Aboriginal Awareness Week

Aboriginal Awareness Week is held on the four days that follow the Victoria Day long weekend and was first introduced in 1992. It was designed to increase awareness of Aboriginal peoples and evolved into a week to honour the many Aboriginal cultures in Canada, including the Métis, the Inuit and First Nations.

 Did you know?

  • In Aboriginal cultures, the Earth is sacred. Aboriginal peoples consider themselves to be part of the Earth.
  • Canada’s Aboriginal population is the fastest growing in the country.
  • It is estimated that over 54% of the Aboriginal population lives in cities.
  • There are over 60 Aboriginal languages in Canada belonging to 11 major language families.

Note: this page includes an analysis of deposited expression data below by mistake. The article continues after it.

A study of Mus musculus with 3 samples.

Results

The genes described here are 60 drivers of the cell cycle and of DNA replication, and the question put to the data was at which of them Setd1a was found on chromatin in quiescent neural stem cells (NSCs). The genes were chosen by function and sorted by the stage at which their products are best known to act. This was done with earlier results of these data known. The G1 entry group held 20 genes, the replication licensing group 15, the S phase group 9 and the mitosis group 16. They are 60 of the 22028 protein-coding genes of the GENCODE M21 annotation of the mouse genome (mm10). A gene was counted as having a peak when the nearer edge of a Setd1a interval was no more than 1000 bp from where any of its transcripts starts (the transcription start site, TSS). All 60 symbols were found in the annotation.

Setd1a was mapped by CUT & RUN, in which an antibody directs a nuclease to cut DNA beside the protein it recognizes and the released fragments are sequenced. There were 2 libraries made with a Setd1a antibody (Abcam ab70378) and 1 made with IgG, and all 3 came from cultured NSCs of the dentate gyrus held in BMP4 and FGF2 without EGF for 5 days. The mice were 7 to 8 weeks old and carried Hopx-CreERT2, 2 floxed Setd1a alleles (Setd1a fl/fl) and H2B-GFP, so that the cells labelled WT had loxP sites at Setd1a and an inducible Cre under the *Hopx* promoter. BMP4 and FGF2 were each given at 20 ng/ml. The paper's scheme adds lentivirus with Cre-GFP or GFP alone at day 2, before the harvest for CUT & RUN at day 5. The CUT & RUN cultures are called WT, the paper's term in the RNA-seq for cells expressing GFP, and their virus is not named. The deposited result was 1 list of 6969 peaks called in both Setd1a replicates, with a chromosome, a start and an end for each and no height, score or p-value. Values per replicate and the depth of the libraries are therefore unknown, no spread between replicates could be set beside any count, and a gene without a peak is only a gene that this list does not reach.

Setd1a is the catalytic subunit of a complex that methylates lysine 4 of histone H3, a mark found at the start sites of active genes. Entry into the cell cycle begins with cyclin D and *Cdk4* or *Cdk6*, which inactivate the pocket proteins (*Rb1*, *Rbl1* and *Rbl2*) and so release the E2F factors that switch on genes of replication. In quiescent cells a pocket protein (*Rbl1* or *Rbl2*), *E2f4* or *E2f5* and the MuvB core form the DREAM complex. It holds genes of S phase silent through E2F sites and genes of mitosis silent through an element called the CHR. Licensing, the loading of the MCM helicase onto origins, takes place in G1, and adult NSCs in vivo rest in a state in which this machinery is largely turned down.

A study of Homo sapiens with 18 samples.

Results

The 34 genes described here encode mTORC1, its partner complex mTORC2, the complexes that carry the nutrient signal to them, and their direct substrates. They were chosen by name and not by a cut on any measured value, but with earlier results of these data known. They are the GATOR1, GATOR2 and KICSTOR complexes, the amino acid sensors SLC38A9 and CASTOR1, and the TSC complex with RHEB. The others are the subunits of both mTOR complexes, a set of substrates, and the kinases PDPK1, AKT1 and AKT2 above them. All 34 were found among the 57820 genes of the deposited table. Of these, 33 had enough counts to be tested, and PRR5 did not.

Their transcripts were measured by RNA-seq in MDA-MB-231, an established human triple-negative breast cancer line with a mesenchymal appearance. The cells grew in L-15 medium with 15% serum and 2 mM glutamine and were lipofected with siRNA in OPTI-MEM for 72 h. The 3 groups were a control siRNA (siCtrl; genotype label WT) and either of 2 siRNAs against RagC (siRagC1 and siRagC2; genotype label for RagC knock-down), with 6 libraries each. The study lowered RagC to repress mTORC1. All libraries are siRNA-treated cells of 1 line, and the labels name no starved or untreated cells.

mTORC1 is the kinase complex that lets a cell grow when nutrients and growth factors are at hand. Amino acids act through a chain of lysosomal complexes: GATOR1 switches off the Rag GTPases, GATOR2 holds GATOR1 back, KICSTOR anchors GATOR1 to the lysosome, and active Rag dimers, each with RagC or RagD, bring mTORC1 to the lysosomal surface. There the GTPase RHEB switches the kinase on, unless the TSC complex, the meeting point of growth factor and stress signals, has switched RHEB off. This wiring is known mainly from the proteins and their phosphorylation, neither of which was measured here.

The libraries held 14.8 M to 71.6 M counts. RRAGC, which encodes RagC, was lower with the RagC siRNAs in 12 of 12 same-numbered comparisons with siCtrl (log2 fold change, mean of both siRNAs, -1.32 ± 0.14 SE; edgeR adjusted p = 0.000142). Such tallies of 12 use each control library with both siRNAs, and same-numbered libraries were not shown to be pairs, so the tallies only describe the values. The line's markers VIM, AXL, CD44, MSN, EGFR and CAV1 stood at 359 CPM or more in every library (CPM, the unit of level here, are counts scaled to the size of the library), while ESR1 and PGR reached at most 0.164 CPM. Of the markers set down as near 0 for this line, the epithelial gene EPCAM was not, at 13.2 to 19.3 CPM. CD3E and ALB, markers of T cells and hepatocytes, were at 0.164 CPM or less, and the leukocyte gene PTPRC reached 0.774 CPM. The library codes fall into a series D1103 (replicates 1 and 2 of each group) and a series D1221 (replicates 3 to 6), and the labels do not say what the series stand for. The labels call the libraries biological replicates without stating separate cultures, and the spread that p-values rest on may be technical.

• Cree, an Algonquian language, is spoken by more than 87,000 people in Canada, making it the country’s most widely spoken Aboriginal   language.
  • Inuktitut is the official language of Nunavut and the Northwest Territories, and is spoken by more than 35,000 people.
  • In Aboriginal communities, elders are keepers of traditional teachings and language. They are greatly respected for their life experience and wisdom, and members of the community often seek their advice.
  • Elders are not necessarily elderly, since traditions vary greatly among Aboriginal peoples. Elders are usually not self proclaimed; instead, it is the members of the community who will acknowledge someone to be an elder. (Excerpt from “Claire and her Grandfather,” Indian and Northern   Affairs Canada)
  • Many of Canada’s place names have their roots in Aboriginal   languages. For centuries, these names have described the natural features of the land or significant historical events.